When learning about their children's rare genetic disorder, they uncover a controversial genetic trail and deep-rooted cultural taboos.
A survivor of Cambodia’s killing fields works to heal himself and his country through music.
Jocelyn Glatzer has directed, produced and edited documentary films for the past 20 years. She produced My Country, My Country, a 2007 Oscar-nominated cinema verite film about the first democratic elections in Iraq after the U.S. occupation; and she directed The Flute Player, about a survivor… of Cambodia's Khmer Rouge genocide, which had its national broadcast premiere on P.O.V. and was nominated for an Emmy Award for Outstanding Achievement in Arts and Cultural Programming.
After graduating from Hampshire College, she started working at Maysles Films and on dance programs for PBS's Great Performances series. Funded by the Ford Foundation, she was the outreach and education coordinator for Macky Alston's Family Name in the mid-90s. She then focused on projects about individuals whose life experiences told larger socio-political stories of our time. Currently, Glatzer is consulting on Match+, an HIV love story set in Chennai, India. She also is producing the ITVS-funded Sun Kissed, a feature-length documentary that follows the journey of a Navajo family with rare genetic disorder that makes exposure to sunlight fatal.
Her films have screened at the Berlin Film Festival, New Directors/ New Films, SxSW, The Human Rights Watch Film Festival, and Full Frame, and have been broadcast around the world. She has garnered support from The Sundance Documentary Fund, ITVS, P.O.V., the LEF Foundation, and the Roy W. Dean Foundation, among others.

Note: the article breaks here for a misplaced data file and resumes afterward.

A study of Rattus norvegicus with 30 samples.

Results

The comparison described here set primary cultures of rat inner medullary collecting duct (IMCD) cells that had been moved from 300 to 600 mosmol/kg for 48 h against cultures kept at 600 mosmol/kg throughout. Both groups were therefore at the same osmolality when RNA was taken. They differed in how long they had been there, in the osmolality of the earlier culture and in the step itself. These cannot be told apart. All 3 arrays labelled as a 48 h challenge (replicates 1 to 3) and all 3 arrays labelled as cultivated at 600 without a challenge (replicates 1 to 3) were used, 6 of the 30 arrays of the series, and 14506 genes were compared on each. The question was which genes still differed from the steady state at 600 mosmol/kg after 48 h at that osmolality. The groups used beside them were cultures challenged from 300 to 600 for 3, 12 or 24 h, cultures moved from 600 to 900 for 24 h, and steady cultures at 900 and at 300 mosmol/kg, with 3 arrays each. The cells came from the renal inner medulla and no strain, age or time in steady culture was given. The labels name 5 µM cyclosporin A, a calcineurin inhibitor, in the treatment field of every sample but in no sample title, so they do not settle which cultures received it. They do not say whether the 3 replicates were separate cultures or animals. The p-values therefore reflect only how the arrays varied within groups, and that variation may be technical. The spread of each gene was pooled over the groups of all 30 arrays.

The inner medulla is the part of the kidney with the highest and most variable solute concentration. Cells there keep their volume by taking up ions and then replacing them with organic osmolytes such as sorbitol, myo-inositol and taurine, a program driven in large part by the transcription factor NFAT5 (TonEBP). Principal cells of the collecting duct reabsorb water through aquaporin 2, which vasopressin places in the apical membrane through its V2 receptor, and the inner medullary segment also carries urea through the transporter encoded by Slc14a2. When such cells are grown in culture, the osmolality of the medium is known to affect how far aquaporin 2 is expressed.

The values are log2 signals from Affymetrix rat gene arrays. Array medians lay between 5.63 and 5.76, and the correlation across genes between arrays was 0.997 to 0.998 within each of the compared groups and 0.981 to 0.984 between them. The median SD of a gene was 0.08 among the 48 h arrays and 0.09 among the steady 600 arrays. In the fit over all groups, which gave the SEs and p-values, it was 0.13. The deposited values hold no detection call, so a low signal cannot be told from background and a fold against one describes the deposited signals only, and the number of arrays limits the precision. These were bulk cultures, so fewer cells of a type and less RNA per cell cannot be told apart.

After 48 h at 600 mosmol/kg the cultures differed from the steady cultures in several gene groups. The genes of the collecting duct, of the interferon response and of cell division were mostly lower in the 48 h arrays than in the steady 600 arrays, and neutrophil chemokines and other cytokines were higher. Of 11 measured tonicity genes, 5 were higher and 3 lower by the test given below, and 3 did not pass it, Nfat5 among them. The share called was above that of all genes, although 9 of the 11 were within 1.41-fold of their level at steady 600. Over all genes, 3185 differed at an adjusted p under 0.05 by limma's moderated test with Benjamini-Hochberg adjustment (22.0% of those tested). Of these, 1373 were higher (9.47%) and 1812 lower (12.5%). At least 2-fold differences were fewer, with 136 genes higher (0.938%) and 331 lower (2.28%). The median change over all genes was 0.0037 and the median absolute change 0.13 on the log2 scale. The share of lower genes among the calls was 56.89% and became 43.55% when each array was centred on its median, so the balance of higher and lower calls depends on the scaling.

Glatzer has served on a host of boards and juries, including the Texas Filmmakers Production Fund, founded by Richard Linklater; and Cambodian Living Arts, Arn Chorn Pond's project that supports master musicians and their students throughout Cambodia. In 2008 she received an achievement award from New England Women in Film.
Christine Courtney recently collaborated with acclaimed filmmaker Doug Block on his feature length documentary Home Page, which premiered on HBO in the wake of rave reviews at the 1999 Sundance and Rotterdam film festivals. She also co-created and produced Behind the Scenes, a series of… one-hour shows about independent filmmakers for Chinese television. In 1996, the program was rated one of the top five television shows in the Chinese mainland. Before working in film, Chris was a journalist for the Los Angeles Times in Hong Kong. She is a graduate of the London School of Economics.
Arn Chorn-Pond was only a boy when the brutal Khmer Rouge regime overran Cambodia and turned his country into a ghastly land of “killing fields.” While most of Arn’s family, and 90 percent of the country’s musicians, were killed,Arn managed to stay alive by playing propaganda songs on the flute for his captors, and following every order — even participating in executions. Now, after living in the U.S. for 20 years,The Flute Player follows Arn’s journey back to Cambodia as he seeks out surviving “master musicians” and faces the dark shadows of his war-torn past. An extraordinary story of survival, the film is a testament to one man’s ability to transcend tragedy.